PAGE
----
Learning and practicing these skills will improve baby's hand-eye coordination and teach her cause and effect. In her first year, baby will also improve her manual dexterity as she gains more control and strength in her tiny fingers. These new skills are sure to make playtime even more fun! Now she'll be able to manipulate toys by lifting, tossing, and dropping.
With her newly developed abilities, baby will learn how to feed herself and even hold a crayon. Watch how baby grows more independent and increasingly confident as she masters the following small motor skills.
At birth, your baby's hands are clenched. Even if you try to uncurl her fingers by pressing on her palm, they'll curl back into tight fists -- it's a reflex she's born with.
At around 3 months, she will begin to open her hands on her own and slowly gain control over her movements. She may begin to lift objects -- including her thumb -- to her mouth. You should notice baby's increased hand-eye coordination as she discovers that her hands are part of her body.
By now baby has developed enough muscle coordination to get a grip on small objects placed in front of him. He will love reaching for toys and raking them toward him. As baby's vision improves and he is able to follow moving objects, he'll enjoy playfully batting at them. Hanging a mobile over your little one's crib will inspire him to swat at the dangling toys. (Be sure to remove the mobile when he is able to actually grab it!)
Some babies will also discover other parts of their body, such as those tiny toes, that will eventually find their way into baby's mouth.
As baby grows, her nimble fingers are eager to explore new and different textures and shapes. Soft books with bright pictures are perfect for this age as they are chock-full of exciting finds. Let baby stroke a touch-and-feel book so she can begin to feel the various textures.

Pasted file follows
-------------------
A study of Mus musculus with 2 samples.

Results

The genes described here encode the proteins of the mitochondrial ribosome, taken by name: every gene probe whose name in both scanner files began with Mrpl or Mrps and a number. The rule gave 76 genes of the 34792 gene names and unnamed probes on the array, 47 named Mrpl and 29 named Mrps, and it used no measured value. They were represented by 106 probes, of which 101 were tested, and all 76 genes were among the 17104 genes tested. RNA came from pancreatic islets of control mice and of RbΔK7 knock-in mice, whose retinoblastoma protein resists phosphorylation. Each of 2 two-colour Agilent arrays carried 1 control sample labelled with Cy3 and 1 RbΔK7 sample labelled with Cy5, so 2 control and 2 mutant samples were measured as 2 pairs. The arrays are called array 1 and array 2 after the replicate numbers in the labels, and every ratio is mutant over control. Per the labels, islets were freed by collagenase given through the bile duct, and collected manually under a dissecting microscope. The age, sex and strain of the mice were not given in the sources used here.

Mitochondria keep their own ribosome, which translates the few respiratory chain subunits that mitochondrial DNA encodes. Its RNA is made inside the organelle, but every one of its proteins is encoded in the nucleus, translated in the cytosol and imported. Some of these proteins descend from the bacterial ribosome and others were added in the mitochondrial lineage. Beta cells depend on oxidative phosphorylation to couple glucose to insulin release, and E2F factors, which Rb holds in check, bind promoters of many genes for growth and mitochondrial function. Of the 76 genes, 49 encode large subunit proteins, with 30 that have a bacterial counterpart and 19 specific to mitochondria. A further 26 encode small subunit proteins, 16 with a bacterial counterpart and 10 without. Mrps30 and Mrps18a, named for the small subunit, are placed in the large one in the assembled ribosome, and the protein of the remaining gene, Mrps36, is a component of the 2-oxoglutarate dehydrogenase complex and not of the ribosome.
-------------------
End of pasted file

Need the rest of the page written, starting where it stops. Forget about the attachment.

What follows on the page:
Keep in mind that this period coincides with the development of some large motor skills, including being able to sit up. Combining all these skills means baby can entertain herself for a few minutes at a time.
An exciting development -- learning to let go -- allows baby to transfer toys from one hand to the other. Your little one will begin to bang his toys together, producing sounds from the clatter. Be aware that although he may clap his blocks together, stacking comes much later.
You will find that baby enjoys playing with toys that make fun sounds, such as shaking a rattle or even jingling a set of keys. These are both great ways to teach him cause and effect. Baby will also love the reaction he gets from you after making so much noise -- especially when he learns that it quickly grabs your attention!
Ever wonder why babies love to dump things over, like a trash can or a box of toys? It's the thrill of filling it back up, of course! You will also see him stare in awe when he learns how to manipulate toys with moving parts, such as doors that open and wheels that spin. Each of these games will reinforce his understanding of cause and effect.
Baby will also delight in dropping his toys as he has more strength to open and close his hands. By the end of his first year, you will notice that baby begins to use objects correctly. Playing with a phone becomes a game as he learns how to dial and listen to the receiver.
While baby has now mastered raking objects toward her, it is still a clumsy process. As she gains more control of her fingers, she will begin practicing the pincer grasp. Using her thumb and pointer finger, she can grasp small objects more accurately. Place some of her favorite cereal on a flat surface so she can perfect her technique. But be warned -- you may find most of it tossed on the floor as baby learns to throw. Baby may also begin to hold a bottle or cup during this time, allowing her to be even more independent.
What to expect in the months to come...
Originally published in American Baby magazine, February 2005.
All content here, including advice from doctors and other health professionals, should be considered as opinion only. Always seek the direct advice of your own doctor in connection with any questions or issues you may have regarding your own health or the health of others.